Stuck in a book

When I was a little girl, all I did was read—to the point where now, I sometimes have a memory and can’t remember whether it happened to me or happened to Jane Eyre or Anne Shirley or Francie Nolan (that scene where Francie pretends her name is Mary to get the doll? I was pretty sure I did that until I reread A Tree Grows in Brooklyn as an adult). I also loved the fact that there was a character in Little Women with my name. How I thrilled at the scenes “I” was in, even to “my” deathbed! So when I heard about the contest our marketing department is holding to highlight our new DC Super Heroes books, I thought immediately of my younger self, and how exciting it would have been for her to get her real name in a book. What a treasure that would have been! (If you haven’t seen the information about the contest, it’s here.)

If I could become a character in any book, I think it would have to be Anne Shirley. I loved how smart, how unconventionally beautiful, and how daring she was. I recently reread the first couple of Anne books and couldn’t help remembering how cool I thought she was when I first read Anne of Green Gables around age nine, sitting in my room, wishing I could be as exciting as Anne. If I could become a character in a Stone Arch book, I think I’d be Sam X—losing shadows! Being hunted by a boomerang! Finding a living statue!

After my son, Sam, was born, I brought home copies of each Sam X book. When he’s old enough, we’ll read them together, so that at each mention of his name, he’ll imagine himself in those same adventures. And maybe his memories will get mixed up with fiction, like mine have. I hope he’s that lucky!

What book would you want to be in?


Beth Brezenoff
Senior Editor
Stone Arch Books

5 comments:

Steve said...

I think I'd probably want to be Taran Wanderer, from the Book of Three, and the other Lloyd Alexander fantasy titles set in Prydain. Those books, and a connection with Taran, were my gateway into fantasy. And I think Eilonwy was probably my first literary crush!

Emily said...

That's a tough question Beth-who wouldn't I want to be! I think I will have to go with Ramona Quimby by Beverly Cleary because those were my absolute favorite books as a child. Through that series my love of reading was born. I was even nicknamed Ramona when I was young (we shared the same haircut). While I was not as pesky and bad as she was, I always wished I could write on my walls with crayon!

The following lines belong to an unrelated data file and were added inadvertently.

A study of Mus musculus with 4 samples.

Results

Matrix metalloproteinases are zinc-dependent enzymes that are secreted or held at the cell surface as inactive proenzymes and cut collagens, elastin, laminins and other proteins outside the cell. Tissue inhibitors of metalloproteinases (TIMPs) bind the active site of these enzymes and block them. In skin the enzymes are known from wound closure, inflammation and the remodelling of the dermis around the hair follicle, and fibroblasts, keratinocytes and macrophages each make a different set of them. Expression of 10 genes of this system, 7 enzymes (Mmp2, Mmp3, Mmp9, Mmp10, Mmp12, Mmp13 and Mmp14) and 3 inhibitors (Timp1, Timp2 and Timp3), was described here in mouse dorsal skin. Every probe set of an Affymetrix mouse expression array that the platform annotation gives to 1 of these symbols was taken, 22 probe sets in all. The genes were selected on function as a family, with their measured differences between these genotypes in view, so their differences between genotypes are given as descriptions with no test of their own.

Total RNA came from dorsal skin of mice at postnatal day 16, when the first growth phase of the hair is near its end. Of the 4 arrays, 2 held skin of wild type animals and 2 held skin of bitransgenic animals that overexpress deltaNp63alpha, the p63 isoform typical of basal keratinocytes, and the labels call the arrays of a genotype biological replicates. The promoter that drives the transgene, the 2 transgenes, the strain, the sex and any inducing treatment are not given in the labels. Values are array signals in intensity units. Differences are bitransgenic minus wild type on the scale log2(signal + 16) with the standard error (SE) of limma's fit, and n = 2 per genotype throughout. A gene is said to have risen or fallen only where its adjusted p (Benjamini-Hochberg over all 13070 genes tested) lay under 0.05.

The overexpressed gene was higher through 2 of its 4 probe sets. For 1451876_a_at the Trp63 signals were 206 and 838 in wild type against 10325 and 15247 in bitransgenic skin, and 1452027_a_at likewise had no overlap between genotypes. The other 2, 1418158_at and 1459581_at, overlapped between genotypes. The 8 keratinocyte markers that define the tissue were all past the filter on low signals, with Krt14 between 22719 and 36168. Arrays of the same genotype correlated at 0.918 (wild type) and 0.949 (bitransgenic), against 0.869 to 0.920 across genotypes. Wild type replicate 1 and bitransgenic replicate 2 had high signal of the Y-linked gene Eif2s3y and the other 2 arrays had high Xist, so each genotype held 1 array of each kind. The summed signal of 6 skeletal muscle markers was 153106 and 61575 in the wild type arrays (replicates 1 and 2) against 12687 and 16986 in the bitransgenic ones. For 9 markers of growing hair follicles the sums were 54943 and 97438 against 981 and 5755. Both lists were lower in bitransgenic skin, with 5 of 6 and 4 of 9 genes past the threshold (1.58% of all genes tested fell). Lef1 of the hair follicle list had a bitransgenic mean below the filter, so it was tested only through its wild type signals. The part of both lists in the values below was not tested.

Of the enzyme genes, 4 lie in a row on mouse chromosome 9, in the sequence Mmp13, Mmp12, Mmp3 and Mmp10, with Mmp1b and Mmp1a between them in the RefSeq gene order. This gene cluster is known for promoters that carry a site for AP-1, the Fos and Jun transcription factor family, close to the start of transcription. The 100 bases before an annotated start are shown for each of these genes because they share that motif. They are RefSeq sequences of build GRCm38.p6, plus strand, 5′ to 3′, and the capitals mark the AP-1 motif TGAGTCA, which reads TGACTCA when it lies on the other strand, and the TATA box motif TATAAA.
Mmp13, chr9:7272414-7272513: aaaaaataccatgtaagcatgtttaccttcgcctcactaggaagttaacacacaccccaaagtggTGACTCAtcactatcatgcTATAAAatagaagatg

Val said...

I still wish I could be Bilbo Baggins from The Hobbit. I read that book so many times as a kid that I had to get a new copy. I recall almost as vividly as my own memories battling goblins, climbing trees to escape wargs, and outwitting Smaug. My dad passed his love of Tolkein on to me, and I hope to do the same to my kid someday.

Leigh said...

I felt the same way about Anne, but another character who really captured my imagination was Polly Flint (of The Secret World of Polly Flint--It's a strange little story about a girl who discovers she can see a special town of people called the Time Gypsies.)

"Have they told you?" His voice was lowered now, he was speaking of secrets to be told.
"Told me? What?"
"Of the lost village..."

Oh, how I loved the idea of being able to see secret people and places that no one else could! And the idea of time as fluid rather than linear was mesmerizing. The really interesting part, though, is that until I read it again as an adult, I was convinced that this story involved gnomes or fairies. It didn't; my reading-fueled games had overlapped and created a whole new fantasy world even better than the one in the books. The novels I devoured were just a launching pad for a whole world of imagination.

Susan said...

Definitely Jo in Little Women--except it always bothered me greatly that she wasn't considered to be as beautiful as her younger sisters! I was a big sister like Jo, and I was always the leader in our plans to put on shows, etc. Also like Jo I loved to read, and I've never ever forgotten how Jo had a special attic spot where she would read and eat apples. I can't eat an apple to this day without picturing Jo in her cozy corner! I read that book for the first time as a first grader, and reread it many times throughout my childhood.